Meet Kim Danny: future environmental scientist

dannykimberly (Download Image) Kimberly Danny, a graduate student from the University of Arizona, aspires to become an environmental scientist.

Editor's Note: This is one in a series of articles highlighting the diverse group of Lawrence Livermore National Laboratory summer students.


The Lawrence Livermore National Laboratory (LLNL) student internship program is designed to allow students to engage in work-study employment opportunities in relevant science, technology, engineering, mathematics (STEM) and administrative fields during the summer academic break. This year, LLNL is proud to welcome more than 600 students from universities nationwide and around the world.  

Introducing Kimberly Danny…

Full name: Kimberly Danny

Hometown:  Flagstaff, Arizona

University attending/educational background: I am near completion of my master’s of science degree from the University of Arizona. My bachelor’s degree is in environmental engineering from Northern Arizona University.

Major: Soil water, and environmental science (focus on contaminant transport)

Graduation year: 2015 (December)

LLNL Directorate you are working in: Environmental Restoration Department (ERD) in the Operations and Business Directorate

What interested you in pursuing a summer internship at the Laboratory?

This is actually my sixth summer internship at the Laboratory. Before my first summer internship, I had never heard of LLNL. I became aware of the Lab when Steve Grey, leader of the American Indian Program, was recruiting students and was given the opportunity to intern my sophomore year in 2008. Through that internship, I was exposed to all the innovative technology at the Lab and was impressed by the forward thinking regarding the environment. In 2011, I came back to intern through the Minority Serving Institutes Program and I have been here every summer since. I really enjoy the work I have done and what I am doing now.

What do you enjoy most about interning at the Laboratory?

I enjoy how easy it is to ask employees and experts not only for help, but also about their jobs, interests, professional advice and more. They are always willing to meet with you and answer questions. 


What have you learned (or are learning) that has made a difference to you?

Spending my summers at LLNL has helped me in figuring out what educational and career path I want to take. Near the end of my undergraduate years, I realized I wasn’t as interested in environmental engineering as I wanted to be, so I felt lost in what I wanted to do next. After working on uranium geochemistry and hydrology projects in the Environmental Restoration Division in 2011 and 2012, I thought to myself, "This is what I want to do." Now I am pursuing a master’s degree in soil, water and environmental science.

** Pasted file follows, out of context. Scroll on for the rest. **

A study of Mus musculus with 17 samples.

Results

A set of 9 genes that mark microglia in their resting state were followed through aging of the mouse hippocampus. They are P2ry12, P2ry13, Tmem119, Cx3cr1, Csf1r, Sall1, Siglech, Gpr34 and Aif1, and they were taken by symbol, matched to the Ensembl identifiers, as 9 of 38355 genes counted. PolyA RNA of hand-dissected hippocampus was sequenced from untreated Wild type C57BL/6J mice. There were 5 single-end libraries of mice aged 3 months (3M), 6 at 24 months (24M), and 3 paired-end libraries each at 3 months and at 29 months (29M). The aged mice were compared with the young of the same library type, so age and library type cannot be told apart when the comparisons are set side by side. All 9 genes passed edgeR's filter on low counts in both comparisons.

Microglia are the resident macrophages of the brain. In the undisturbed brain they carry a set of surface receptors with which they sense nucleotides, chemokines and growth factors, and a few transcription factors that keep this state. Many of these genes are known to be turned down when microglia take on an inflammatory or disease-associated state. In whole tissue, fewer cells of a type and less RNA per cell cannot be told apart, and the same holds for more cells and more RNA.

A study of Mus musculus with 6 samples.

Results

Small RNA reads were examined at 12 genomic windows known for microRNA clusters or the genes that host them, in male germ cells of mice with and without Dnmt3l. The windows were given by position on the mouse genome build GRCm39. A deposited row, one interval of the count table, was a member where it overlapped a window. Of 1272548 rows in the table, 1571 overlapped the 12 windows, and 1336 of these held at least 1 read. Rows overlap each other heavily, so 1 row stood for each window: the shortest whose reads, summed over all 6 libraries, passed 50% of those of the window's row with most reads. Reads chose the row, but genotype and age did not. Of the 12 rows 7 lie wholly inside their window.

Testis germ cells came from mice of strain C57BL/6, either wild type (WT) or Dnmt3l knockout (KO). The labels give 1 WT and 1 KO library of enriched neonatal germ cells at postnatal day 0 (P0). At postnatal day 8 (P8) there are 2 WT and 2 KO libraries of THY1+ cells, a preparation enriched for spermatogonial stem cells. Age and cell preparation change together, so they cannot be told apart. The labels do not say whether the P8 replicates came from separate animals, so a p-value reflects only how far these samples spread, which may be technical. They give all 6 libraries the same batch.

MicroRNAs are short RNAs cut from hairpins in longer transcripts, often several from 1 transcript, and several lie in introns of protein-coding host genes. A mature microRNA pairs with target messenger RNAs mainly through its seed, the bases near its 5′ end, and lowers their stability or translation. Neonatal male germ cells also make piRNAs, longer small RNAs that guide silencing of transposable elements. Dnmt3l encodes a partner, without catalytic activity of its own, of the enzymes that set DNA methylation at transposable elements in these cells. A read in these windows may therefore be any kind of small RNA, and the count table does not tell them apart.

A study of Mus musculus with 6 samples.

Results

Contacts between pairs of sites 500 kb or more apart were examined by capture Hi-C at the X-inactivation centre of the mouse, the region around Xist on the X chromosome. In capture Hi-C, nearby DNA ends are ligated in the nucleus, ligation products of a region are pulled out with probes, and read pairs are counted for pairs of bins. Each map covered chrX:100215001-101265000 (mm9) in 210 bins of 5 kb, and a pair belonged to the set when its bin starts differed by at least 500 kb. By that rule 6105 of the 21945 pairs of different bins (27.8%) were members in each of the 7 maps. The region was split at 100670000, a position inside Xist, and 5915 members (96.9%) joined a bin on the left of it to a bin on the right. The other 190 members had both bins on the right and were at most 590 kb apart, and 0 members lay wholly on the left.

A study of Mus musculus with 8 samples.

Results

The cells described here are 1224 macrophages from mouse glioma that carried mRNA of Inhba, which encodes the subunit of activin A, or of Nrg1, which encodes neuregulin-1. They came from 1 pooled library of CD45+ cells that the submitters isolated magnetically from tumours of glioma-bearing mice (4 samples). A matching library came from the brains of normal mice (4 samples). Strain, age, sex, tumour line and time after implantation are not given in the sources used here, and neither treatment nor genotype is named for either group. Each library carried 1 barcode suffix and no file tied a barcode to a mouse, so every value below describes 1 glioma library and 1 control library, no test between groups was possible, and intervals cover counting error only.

Where do you see yourself after graduation? What is your dream job?

I would like to continue in the field of contaminant fate and transport. My first choice would be to continue working at the Environmental Restoration Department at LLNL. Eventually, I want to be able to use my expertise and apply it to contaminate fate and transport issues on tribal lands.

Who/what has inspired you to pursue an education and career in a STEM field?

My family and my many teachers and mentors from elementary school to graduate school have inspired me to choose a STEM major. Additionally, I chose a STEM career because I believe it might help my community and tribe.

What has been your biggest challenge to overcome?

My greatest challenge was battling the "imposter syndrome" during graduate school. Graduate school and thesis research is so much more difficult than I had expected and I wasn’t prepared for it. I seriously contemplated dropping out of my program. Now, I have my feet on more solid ground, and I’m feeling confident now that I have a clear research plan.

What do you consider to be your biggest accomplishment so far?

Being a Native American woman in STEM and graduating with a bachelor’s of science degree. I hope to soon top that with a master’s of science degree.


As a college student, what is the most important lesson you have learned?

Don’t be afraid to ask questions. I was extremely shy and timid when I was younger. Thus, whenever I was really lost in class or at work, I didn’t say anything to anyone. I learned to ask questions, and it has saved me so much time and anxiety.

What advice would you give a high school student?

Take advantage of the educational resources that are available to you, especially if they are in your field of interest. These resources include college preparation workshops, field trips, summer programs and more. These great opportunities lead to even more opportunities.

What do you like to do in your spare time? What are your hobbies?

I like to make quilts when I have a lot of time. Choosing patterns, cutting out pieces and sewing is very therapeutic for me. I also like to take day trips. I choose a destination within 2-3 hours, and stop at every little roadside stand or museum along the way.

What is next for you/what are you looking forward to?

I’m really looking forward to graduation and beginning my career.


To learn more about summer internships and the Laboratory’s scholar programs, visit the scholars@llnl website. Follow insideLLNL on Twitter  for an inside look at the people and events at LLNL.